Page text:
J.P. Morgan Lays Out Its Technology Plans



Very interesting new development at JP Morgan applying FinTech solutions to debt capital markets.

Source: Wall Street Journal

The largest U.S. bank by assets is expected to detail its technology spending strategy throughout different presentations from Chief Executive James Dimon and his top lieutenants. Actions range from new spending on fintech to cutting costs on technology that keeps the bank running.

Specifically, J.P. Morgan JPM -4.18% plans to increase its technology spending to around $9.4 billion from roughly $9.2 billion, while working to allocate about 40% of that budget to new investments and technologies, up from 30% currently, said Matt Zames, the bank’s chief operating officer.

Here are some of the ways the bank is slimming its spending:

– Location strategy: The bulk of its technology employees are now centered in 13 hubs across the world, from Bournemouth, England, to Delaware to Tampa, Fla. The bank introduced hub scorecards in early 2015 to measure how those sites are performing on matters including recruiting, training, retention and diversity, Mr. Zames said.

– Reducing legacy applications: Known internally as “kill the tail,” the bank has cut the number of applications it uses by 13% in 2015, with a goal to cut about 25% of its apps, Mr. Zames said.

– Consistency: The bank is driving toward more consistency across its technology. Tech production issues have dropped by about 65% in 2015 from 2013.

And here are some ways it’s spending on new technology:

– Digital:  Heavy investments here, from the Chase mobile app to ATMs that do 60% of the functions a teller can do, with the goal of 90% by the end of 2017, Mr. Zames said.

– Analytics: They want to better target and connect potential customers across the bank, from its Chase retail platform to the investment bank. For instance, it is using a sales prospecting tool with its equity capital markets and commercial banking clients to identify future clients through machine learning algorithms examining public data for companies. It is rolling this out with the debt capital markets team this year, said Sanoke Viswanathan, chief administrative officer at J.P. Morgan’s corporate and investment bank. In the commercial bank, the engine will identify more than 10,000 new prospects. It was rolled out in 15 markets in 2015.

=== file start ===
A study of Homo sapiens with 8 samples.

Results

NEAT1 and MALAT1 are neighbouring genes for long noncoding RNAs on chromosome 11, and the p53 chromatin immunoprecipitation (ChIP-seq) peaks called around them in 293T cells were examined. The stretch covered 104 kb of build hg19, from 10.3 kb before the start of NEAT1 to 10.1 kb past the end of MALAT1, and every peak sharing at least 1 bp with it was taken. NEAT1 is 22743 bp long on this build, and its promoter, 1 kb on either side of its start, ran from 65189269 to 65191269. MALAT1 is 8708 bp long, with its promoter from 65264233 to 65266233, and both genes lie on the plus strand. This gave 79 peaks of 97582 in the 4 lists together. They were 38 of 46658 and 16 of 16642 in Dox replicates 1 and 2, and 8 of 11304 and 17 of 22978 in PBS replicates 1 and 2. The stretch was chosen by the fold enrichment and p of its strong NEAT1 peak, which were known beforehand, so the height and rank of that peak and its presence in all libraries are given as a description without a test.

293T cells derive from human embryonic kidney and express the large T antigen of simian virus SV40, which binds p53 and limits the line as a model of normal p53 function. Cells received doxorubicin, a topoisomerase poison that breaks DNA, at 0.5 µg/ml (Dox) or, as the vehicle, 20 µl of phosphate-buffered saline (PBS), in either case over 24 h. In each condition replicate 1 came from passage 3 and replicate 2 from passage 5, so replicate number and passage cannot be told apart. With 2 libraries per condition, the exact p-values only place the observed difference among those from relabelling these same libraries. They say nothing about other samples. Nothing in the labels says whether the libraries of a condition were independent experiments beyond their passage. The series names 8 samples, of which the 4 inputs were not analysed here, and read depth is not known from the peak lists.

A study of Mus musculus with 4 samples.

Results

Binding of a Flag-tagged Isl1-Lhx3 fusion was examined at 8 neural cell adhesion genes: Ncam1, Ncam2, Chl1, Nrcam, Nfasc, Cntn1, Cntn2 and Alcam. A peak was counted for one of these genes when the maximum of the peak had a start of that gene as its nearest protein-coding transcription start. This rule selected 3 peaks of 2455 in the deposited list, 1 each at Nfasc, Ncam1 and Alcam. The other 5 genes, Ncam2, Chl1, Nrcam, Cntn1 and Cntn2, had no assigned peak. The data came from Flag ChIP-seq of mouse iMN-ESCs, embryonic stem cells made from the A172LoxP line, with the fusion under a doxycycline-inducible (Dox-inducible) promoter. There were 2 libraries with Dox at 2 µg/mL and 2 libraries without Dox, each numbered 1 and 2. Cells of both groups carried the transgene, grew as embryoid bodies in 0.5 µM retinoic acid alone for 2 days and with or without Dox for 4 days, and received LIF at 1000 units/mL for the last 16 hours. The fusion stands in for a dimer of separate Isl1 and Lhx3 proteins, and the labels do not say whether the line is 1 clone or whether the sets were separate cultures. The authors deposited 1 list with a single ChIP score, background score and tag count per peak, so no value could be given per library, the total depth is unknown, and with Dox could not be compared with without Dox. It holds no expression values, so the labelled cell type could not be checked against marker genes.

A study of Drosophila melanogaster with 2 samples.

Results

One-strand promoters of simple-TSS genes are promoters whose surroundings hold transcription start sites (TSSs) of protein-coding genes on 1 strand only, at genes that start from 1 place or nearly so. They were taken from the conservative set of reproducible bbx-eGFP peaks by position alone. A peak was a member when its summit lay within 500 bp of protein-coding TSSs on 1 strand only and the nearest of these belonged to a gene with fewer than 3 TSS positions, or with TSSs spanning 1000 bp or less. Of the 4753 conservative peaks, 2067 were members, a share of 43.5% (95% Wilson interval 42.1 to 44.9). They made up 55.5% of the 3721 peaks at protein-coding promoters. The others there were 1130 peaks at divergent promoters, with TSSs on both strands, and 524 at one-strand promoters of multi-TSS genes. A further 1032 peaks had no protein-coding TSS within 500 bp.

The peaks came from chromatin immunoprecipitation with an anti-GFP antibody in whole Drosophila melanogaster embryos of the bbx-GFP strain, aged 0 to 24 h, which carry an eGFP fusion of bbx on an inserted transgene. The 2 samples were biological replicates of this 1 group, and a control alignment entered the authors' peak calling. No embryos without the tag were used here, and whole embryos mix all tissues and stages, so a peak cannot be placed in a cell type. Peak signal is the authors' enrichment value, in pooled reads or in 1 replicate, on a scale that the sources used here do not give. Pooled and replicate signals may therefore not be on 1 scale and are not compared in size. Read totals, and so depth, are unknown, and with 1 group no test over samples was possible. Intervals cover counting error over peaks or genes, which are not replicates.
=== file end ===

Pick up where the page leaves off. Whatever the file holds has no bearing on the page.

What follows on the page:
– Fintech partnerships: The bank is partnering with more fintech firms through a “residency program” beginning in April across its corporate and investment bank, said Daniel Pinto, head of the unit. Modeled after the Central Intelligence Agency’s Lab41, it will give fintech firms in-depth exposure to the bank’s challenges. In some cases the firms will work alongside J.P. Morgan employees. For instance, the bank hopes to use fintech firms to help improve the investor services unit at the bank, focusing on a service it provides to asset management clients in outsourcing their middle office work.

Investments: The bank has grown the new technologies introduced into its production system in recent years through its technology innovation team. It engaged with more than 300 emerging technology firms, more than 100 pilots and around 50 new technologies used in the bank’s production environment last year, Mr. Zames said. A person familiar with the matter said the hit ratio of success has grown around 30% for those technologies that go into production from a few years ago. “The list [of technical and innovation opportunities] is longer than my arm of what we’re testing out, and I expect many of them will fail,” Mr. Zames said. “If…just a handful of them pay off we will be able to turn this organization and the way we do things upside down.”